Decades of work on speech variability by linguists and speech scientists has shed much light on its structure and sources, but has largely consisted of fine-grained studies of a handful of phonetic cues and languages (e.g. VOT, English), whose scope is limited by the fact that collecting and annotating speech data is time-consuming and expensive. This talk describes two studies of sound systems in large cross-linguistic corpora of read speech, which scale up relative to previous work, in terms of cross-linguistic coverage and sample size. We are able to scale up in part by using innovative speech analysis software enabling “large-scale studies” of sound systems, which I briefly describe.
Study 1: Sound change commonly arises from "phonetic precursors": small phonetic effects assumed to hold across languages and individuals, which evolve into full-blown contrasts over time. Relatively little is known about the robustness of most phonetic precursors: variability in their effect size across languages and speakers, which matters for establishing which precursors are robust enough to plausibly lead to change. Two widely-studied precursors, which also form a good test case for an automated analysis, are the effect of vowel height and preceding consonant voicing on F0 (VF0 and CF0). We assess the degree of cross-linguistic and interspeaker variability in VF0 and CF0 effects across 14 languages. We find that the existence of VF0 and CF0 effects are relatively robust across languages, confirming that they are possible phonetic precursors to sound changes, but their robustness across speakers is less clear, possibly helping explain why they rarely do lead to sound change. A methodological finding is that VF0 and CF0 effects can be detected in non-laboratory speech with minimal statistical controls, despite not accounting for many factors greatly affecting F0 (e.g. intonation).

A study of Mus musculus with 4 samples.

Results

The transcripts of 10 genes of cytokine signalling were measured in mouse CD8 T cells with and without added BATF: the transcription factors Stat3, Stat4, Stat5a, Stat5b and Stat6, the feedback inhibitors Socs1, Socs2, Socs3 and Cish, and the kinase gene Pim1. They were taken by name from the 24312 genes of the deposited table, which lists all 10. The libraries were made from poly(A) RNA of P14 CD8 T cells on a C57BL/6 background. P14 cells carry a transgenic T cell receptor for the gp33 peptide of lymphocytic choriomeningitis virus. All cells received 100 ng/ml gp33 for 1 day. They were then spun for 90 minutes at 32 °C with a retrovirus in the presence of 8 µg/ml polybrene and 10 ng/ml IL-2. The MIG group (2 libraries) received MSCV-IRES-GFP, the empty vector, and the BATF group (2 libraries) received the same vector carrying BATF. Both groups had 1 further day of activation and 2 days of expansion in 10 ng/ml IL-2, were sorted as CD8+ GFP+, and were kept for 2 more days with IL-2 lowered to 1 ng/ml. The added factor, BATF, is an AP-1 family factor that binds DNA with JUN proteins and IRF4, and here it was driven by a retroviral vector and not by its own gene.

Study 2: “Duration compression effects”, such as polysyllabic shortening and Menzerath’s Law, refer to the tendency for the same linguistic unit to have a shorter duration in longer words (e.g. initial syllables: stick, sticky, stickiness). Despite a long literature on individual languages, it is unclear whether DCEs are universal: they may be artefacts of language-speciifc prosodic structure, or of other speech timing effects (e.g. “final lengthening”). Using read-speech data from 19 typologically-diverse languages, we examine the universality of DCEs, and whether they can be reduced to other factors. We broadly find that DCEs look similar across languages — especially compression of average syllable length — after basic controls for other factors (e.g. speech rate). However, DCEs seem to be overridden by other factors in certain cases, such as phrase-final position.
This is also a Facebook event: https://www.facebook.com/events/555009674866965/.